The Emancipation Proclamation was President Abraham Lincoln’s most controversial but most important decision. Ultimately it turned out to be the act for which Lincoln has been most remembered and admired. Dr. Glenn LaFantasie, WKU’s Richard Frockt Family Professor of Civil War History, talked about how Lincoln came to issue the Emancipation Proclamation. Dr. LaFantasie’s presentation was offered on the evening of November 16, 2011 at the Kentucky Room in the Kentucky Building in conjunction with the “Lincoln: the Constitution & the Civil War” exhibit.
Organized by the National Constitution Center and the American Library Association Public Programs, the exhibit was made possible by a major grant from the National Endowment for the Humanities.
Photo Album | Audio | Podcast
On November 15th the folk-rock band Mythagoe wowed the folks at Java City with their originals and their innovative arrangements of classic tunes by musical luminaries like The Beatles. Mythagoe features WKU music major Julia Fisher on vocals and bass, Kerry Pruitt also of the Lost river Cavemen on violin, Tim Short on Drums and Atremus Sumetra on lead guitar and lead vocals. Mythagoe is certainly a band that will be invited back to Java City in the future.
Google announced today, “A few months ago, we introduced a limited release of Google Scholar Citations, a simple way for authors to compute their citation metrics and track them over time. Today, we’re delighted to make this service available to everyone!.
For details, visit this Web site: http://googlescholar.blogspot.com/2011/11/google-scholar-citations-open-to-all.html
William Shakespeare Hays, composer of “Evangeline”
His name may have encouraged William Shakespeare Hays (1837-1907) to become a writer, but he resembled more of a musical Mark Twain than the Bard of Avon. A river captain, journalist, poet and raconteur, the lifelong resident of Louisville composed hundreds of songs, several of which became much-loved standards of the 19th century. A beautiful woman at an antebellum house party reminded Hays of Longfellow’s poetic story of “Evangeline,” and his song of the same name sold 150,000 copies in little more than a year. After Hays overheard a fellow passenger on a mailboat imploring his sweetheart to return his affections, he was inspired to write “Mollie Darling,” which sold a million copies. Hays’s legend as a balladeer grew so large that some credited him with composing that greatest of popular anthems, “Dixie.” His journalism appeared in the Louisville Democrat during the Civil War and later in the Courier-Journal and Times, where his columns chronicled shipping, weather and other happenings on the Ohio River and became required reading for Louisvillians in-the-know.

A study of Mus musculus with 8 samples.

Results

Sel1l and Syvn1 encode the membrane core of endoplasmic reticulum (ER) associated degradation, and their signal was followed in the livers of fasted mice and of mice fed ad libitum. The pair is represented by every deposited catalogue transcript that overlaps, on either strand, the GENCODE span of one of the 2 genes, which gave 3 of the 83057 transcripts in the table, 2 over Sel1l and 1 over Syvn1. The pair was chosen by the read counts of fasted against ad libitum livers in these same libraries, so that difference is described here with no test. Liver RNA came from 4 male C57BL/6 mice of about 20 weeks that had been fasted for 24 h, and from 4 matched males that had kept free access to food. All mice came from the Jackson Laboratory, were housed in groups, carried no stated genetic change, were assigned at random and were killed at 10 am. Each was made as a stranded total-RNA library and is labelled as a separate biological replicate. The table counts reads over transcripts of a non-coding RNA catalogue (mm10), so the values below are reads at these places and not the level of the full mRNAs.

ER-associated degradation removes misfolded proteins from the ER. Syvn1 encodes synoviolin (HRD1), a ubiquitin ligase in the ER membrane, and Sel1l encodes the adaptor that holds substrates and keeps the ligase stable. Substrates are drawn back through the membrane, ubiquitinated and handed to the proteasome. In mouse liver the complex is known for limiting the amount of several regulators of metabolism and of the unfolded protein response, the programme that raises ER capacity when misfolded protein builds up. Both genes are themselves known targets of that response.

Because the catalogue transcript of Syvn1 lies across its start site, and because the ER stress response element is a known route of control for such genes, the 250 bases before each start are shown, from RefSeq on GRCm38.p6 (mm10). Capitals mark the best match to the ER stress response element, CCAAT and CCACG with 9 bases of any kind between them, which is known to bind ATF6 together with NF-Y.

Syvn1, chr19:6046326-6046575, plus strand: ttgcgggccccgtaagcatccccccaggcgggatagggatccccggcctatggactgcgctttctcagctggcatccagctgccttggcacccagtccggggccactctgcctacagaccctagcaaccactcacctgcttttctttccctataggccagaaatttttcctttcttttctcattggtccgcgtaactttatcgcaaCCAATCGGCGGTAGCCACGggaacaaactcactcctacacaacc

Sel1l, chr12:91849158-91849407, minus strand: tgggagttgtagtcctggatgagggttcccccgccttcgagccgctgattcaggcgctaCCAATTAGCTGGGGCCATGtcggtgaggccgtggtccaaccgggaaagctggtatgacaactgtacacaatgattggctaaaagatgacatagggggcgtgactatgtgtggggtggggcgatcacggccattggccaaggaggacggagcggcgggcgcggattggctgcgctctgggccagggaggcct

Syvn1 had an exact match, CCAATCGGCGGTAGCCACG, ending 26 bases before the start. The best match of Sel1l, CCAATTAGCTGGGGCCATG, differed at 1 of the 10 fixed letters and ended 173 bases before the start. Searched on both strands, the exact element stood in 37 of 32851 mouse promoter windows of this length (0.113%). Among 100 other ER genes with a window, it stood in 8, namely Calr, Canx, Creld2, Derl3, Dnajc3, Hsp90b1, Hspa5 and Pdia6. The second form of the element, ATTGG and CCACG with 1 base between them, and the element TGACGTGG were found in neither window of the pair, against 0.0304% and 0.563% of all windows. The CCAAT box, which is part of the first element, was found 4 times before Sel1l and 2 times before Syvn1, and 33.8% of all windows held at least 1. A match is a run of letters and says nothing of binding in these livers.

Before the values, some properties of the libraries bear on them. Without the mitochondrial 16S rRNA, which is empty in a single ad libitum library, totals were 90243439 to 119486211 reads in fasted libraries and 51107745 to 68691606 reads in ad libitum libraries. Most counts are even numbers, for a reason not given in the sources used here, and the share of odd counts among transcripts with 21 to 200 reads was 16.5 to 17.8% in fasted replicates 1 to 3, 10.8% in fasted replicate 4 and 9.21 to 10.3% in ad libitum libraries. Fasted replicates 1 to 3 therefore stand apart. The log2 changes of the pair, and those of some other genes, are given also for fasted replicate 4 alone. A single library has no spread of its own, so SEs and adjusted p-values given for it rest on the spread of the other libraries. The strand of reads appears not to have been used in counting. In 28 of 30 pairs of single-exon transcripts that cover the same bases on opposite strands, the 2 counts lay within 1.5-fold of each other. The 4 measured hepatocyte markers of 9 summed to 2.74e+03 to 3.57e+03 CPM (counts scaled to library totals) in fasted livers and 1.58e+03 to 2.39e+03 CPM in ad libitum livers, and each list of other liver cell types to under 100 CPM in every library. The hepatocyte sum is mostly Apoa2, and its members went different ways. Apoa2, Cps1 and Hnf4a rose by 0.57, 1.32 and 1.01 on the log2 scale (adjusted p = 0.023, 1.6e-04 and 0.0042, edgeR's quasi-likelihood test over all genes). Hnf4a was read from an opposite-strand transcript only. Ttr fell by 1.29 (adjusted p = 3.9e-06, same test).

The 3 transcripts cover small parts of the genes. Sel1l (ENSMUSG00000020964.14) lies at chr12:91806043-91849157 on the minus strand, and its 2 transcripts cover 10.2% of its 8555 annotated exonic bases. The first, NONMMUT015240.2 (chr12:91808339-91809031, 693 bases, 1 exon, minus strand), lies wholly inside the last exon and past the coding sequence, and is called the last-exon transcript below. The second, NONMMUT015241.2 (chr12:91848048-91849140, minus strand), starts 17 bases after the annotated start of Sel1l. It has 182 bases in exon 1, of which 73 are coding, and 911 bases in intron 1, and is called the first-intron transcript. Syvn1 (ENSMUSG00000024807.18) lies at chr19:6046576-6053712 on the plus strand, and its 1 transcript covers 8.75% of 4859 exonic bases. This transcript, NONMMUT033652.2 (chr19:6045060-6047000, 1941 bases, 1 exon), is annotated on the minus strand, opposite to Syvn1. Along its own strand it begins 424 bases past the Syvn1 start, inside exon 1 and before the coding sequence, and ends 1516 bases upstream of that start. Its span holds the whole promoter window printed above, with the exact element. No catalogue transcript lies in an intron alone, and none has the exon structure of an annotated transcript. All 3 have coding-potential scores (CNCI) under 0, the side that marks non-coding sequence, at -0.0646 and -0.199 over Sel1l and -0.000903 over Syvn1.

WKU’s Special Collections Library holds a fascinating collection relating to William Shakespeare Hays that includes letters to his wife Belle, poems, song lyrics, sheet music, newspaper columns, royalty and copyright agreements, photos, and reminiscences of those who knew him. Click here to download a finding aid. For other collections on authors, journalists, musicians and poets, search TopSCHOLAR and KenCat.